I wish that I could share the Government's complacency, when the recommended ratio of pilots to aircraft is 2:1 and ours is 1·7:1, among the lowest in Europe, and when the mechanistic operation of premature voluntary retirement regulations means that trained Lightning pilots at RAF Binbrook are grounded because they have asked for PVR and their substitutes will graduate just as the Lightnings are taken out of service, making the whole thing look ridiculous. If the Minister is so complacent, why was it necessary to establish the Robson inquiry? When will we have the result of that inquiry, and until then will he modify the PVR regulations so that they are used in a more delicate and sophisticated way?
Does my hon. Friend agree that when young men join the Royal Air Force to fly they are given the option of accepting a branch commission and thus spending all their time flying, or, alternatively, taking a general duties commission through a cadetship at Cranwell? Does he agree that in the latter case they will also be expected to carry out man-management responsibilities and that as part of their career structure it will fall upon them to take jobs that will train them for man-management? Does he therefore agree that one of the problems that we face and the resulting publicity have arisen from the fact that one individual RAF pilot did not understand that situation?
I am grateful to my hon. Friend. About one third of all RAF pilots—of whom there are about 3,500—at any one time are on ground duties, and such ground duties are essential to the furtherance of their careers.
How many skill shortages are there within the RAF? How many similar examples are there to that of my constituent who had his request to buy himself out of the RAF deferred for nine months because of the skill shortages?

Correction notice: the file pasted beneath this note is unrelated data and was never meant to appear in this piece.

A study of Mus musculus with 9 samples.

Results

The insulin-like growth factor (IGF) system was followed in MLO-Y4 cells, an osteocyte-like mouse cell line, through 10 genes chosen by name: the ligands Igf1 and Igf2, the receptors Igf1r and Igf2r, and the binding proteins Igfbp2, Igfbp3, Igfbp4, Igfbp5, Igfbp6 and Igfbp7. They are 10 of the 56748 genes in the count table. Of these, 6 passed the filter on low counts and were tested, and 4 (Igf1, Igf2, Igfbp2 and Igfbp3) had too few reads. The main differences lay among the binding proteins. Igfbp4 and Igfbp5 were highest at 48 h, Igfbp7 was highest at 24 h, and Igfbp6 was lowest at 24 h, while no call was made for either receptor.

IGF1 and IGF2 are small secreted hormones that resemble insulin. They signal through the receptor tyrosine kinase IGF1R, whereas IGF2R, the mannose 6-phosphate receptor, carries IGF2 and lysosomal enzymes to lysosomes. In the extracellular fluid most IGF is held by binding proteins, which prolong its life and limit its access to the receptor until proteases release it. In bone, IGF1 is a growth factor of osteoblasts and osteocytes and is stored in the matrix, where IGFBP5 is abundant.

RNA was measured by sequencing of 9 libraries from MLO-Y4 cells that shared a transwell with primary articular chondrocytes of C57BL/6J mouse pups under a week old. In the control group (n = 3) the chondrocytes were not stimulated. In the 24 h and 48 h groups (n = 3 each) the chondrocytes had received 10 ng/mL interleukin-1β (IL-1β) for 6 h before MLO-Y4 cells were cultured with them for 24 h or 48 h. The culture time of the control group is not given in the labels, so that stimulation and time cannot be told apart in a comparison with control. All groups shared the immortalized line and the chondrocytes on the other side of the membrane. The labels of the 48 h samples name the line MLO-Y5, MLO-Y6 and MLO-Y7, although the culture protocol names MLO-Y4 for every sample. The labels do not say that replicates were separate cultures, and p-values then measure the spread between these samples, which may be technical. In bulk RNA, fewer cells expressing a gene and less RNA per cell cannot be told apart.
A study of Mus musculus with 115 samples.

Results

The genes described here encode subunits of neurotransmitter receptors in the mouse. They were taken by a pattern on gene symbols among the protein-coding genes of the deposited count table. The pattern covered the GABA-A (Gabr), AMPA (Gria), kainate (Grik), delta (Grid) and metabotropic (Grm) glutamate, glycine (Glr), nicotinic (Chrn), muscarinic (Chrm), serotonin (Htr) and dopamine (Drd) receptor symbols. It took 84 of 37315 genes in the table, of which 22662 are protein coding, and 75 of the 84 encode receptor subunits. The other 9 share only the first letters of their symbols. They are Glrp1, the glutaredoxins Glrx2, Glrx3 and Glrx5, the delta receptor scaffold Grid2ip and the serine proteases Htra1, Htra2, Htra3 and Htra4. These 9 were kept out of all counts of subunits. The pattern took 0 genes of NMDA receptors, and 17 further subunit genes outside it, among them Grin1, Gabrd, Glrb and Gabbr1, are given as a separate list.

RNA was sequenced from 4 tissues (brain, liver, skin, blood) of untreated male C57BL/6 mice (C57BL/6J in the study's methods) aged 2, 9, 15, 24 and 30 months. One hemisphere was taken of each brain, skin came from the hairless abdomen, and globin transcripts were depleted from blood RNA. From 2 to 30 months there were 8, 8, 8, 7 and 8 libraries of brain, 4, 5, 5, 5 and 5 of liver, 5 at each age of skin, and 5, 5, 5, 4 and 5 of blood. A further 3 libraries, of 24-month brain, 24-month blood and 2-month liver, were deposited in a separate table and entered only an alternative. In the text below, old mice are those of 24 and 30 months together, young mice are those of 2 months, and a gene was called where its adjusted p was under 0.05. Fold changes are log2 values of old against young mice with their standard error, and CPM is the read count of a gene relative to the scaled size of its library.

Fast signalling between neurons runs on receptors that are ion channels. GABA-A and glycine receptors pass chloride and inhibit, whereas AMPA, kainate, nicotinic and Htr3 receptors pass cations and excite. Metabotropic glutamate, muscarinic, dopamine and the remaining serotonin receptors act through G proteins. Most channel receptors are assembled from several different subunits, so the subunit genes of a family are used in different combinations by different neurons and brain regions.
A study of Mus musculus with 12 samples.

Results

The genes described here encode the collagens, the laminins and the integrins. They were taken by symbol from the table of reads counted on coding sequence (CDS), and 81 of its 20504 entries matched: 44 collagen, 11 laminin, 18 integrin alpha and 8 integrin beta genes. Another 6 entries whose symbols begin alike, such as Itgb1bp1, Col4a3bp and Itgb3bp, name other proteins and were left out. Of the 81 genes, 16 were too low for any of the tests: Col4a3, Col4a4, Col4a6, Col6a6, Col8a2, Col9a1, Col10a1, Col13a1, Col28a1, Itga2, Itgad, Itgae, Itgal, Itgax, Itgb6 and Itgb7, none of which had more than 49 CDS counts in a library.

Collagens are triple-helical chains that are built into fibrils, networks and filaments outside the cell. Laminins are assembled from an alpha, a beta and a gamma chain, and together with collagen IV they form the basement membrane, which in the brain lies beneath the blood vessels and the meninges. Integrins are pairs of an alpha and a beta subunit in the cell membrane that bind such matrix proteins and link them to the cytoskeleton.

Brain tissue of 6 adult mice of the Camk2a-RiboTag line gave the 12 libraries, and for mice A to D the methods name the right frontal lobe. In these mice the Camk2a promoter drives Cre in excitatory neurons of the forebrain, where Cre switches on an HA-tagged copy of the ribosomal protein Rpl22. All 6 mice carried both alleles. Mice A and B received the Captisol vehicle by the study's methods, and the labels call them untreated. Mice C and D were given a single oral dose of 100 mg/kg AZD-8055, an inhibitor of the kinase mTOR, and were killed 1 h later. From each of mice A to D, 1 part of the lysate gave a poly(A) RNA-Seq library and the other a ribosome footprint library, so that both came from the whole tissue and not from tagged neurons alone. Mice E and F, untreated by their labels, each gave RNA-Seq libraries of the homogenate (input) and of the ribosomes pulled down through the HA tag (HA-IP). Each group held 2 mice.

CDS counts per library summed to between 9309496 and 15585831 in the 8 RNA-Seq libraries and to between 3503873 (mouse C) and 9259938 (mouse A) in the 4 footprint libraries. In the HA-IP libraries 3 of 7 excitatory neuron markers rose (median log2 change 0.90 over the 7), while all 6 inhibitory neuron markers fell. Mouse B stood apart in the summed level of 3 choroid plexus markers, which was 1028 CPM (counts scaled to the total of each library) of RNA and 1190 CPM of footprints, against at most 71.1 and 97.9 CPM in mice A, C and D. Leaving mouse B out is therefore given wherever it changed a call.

Recruitment into the RAF is good. In answer to the hon. Gentleman, it was in 1948 that the then Labour Government introduced a minimum return of service of three years upon promotion to squadron leader and higher. In 1978 the then Labour Government instituted a maximum three-year waiting period for PVR applications.
I am grateful to the hon. Gentleman, who I know has great experience in matters connected with the Royal Air Force. As I explained earlier, it is natural in the career of all pilots in the Royal Air Force to have both flying and ground duties. Flying duties often follow ground appointments.
Is my hon. Friend aware that RAF Shawbury in Shropshire, which is on the boundary of my constituency and that of my right hon. Friend the Leader of the House, is an excellent establishment, with high morale, providing extremely good back-up for groups such as the air training corps based in Shrewsbury? If my hon. Friend is aware that if a particular officer in the RAF wishes publicly, in the newspaper, to decry promotion, there are tactful officers at RAF Shawbury who are more than deserving of such promotion?
I thank my hon. Friend for that. As I said earlier, morale within the RAF is extremely high. I compliment my hon. Friend on the support that he has given to the RAF and the reserves.
Is my hon. Friend aware that in January a number of hon. Members representing constituencies in Norfolk visited RAF Coltishall and that as a result of our discussions with officers and men we can confirm that morale is high? Officers and men understand the important defensive role that they must perform in the defence of this country.